The Star Trackers formed part of the six satellites for the FORMOSAT-7 joint U.S.-Taiwanese weather forecasting constellation.
On board the successful launch on 25 June 2019 of the SpaceX Falcon Heavy rocket from the Kennedy Space Center was 12 Terma Star Trackers. They formed part of the six satellites for the FORMOSAT-7 joint U.S.-Taiwanese weather forecasting constellation.
It is also known as COSMIC-2, a joint constellation meteorological satellite mission between Taiwan and the United States for observing and monitoring the global meteorology, climate, and ionosphere. The six satellites are now placed in temporary circular orbit 720 km above the ground.
In 2013, Terma was contracted by the British manufacturer of small satellites, Surrey Satellite Technology, headquartered near London to supply 13 Star Tracker heads (one engineering- and 12 flight units) plus baffles with an option for another 12 units. Thus, two Star Trackers will be mounted on each satellite.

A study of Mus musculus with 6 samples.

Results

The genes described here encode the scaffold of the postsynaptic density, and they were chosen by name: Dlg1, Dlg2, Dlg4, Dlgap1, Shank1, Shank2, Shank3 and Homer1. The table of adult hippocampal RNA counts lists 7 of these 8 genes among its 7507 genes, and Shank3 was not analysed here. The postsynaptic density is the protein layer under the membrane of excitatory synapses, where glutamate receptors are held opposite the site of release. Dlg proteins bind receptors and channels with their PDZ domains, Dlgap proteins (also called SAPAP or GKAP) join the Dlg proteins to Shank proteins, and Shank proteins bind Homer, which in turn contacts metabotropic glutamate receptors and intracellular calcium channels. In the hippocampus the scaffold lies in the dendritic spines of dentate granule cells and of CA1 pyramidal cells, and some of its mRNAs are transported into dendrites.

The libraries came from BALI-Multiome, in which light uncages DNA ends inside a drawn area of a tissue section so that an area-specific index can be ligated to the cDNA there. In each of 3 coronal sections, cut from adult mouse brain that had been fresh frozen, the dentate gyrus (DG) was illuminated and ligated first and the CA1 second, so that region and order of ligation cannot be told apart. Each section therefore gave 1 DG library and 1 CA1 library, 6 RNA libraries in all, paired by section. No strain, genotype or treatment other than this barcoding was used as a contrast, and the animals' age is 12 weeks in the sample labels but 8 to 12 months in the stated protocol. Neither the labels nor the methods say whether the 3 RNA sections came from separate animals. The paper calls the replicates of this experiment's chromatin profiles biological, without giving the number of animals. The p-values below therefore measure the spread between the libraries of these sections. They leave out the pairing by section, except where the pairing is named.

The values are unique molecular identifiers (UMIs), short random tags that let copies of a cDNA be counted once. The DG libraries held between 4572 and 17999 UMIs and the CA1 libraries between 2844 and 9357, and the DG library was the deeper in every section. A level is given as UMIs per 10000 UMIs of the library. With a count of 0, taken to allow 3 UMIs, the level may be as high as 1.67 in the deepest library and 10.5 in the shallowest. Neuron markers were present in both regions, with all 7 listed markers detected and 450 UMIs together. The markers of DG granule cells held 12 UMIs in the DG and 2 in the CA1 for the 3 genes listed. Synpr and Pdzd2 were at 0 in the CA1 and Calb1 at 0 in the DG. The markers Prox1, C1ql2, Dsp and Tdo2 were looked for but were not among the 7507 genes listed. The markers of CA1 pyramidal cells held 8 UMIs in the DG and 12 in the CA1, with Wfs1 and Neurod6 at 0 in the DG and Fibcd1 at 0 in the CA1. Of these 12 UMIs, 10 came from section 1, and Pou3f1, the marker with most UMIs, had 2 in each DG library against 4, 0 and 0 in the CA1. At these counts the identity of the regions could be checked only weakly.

Surrey specifically requested a very compact Star Tracker due to the space available on the launcher.
A Star Tracker is used to precisely determine the satellite’s orientation in its position. In the computer, a huge number of constellations (patterns) are stored. When there is a match between what the camera sees and a stored pattern, you know exactly how the satellite is oriented, which for example is essential for the reliability and usefulness of Earth observations from satellites like meteorological satellite missions.
The SpaceX launch (STP-2 mission) uses the SpaceX Falcon Heavy launch vehicle to perform 20 commanded deployment actions and place 24 separate spacecraft in three different orbits. In addition to the FORMOSAT-7/COSMIC-2 satellite constellation, the spacecraft included the Air Force Research Laboratory Demonstration and Science Experiments (DSX) satellite, four NASA experiments, and many other missions.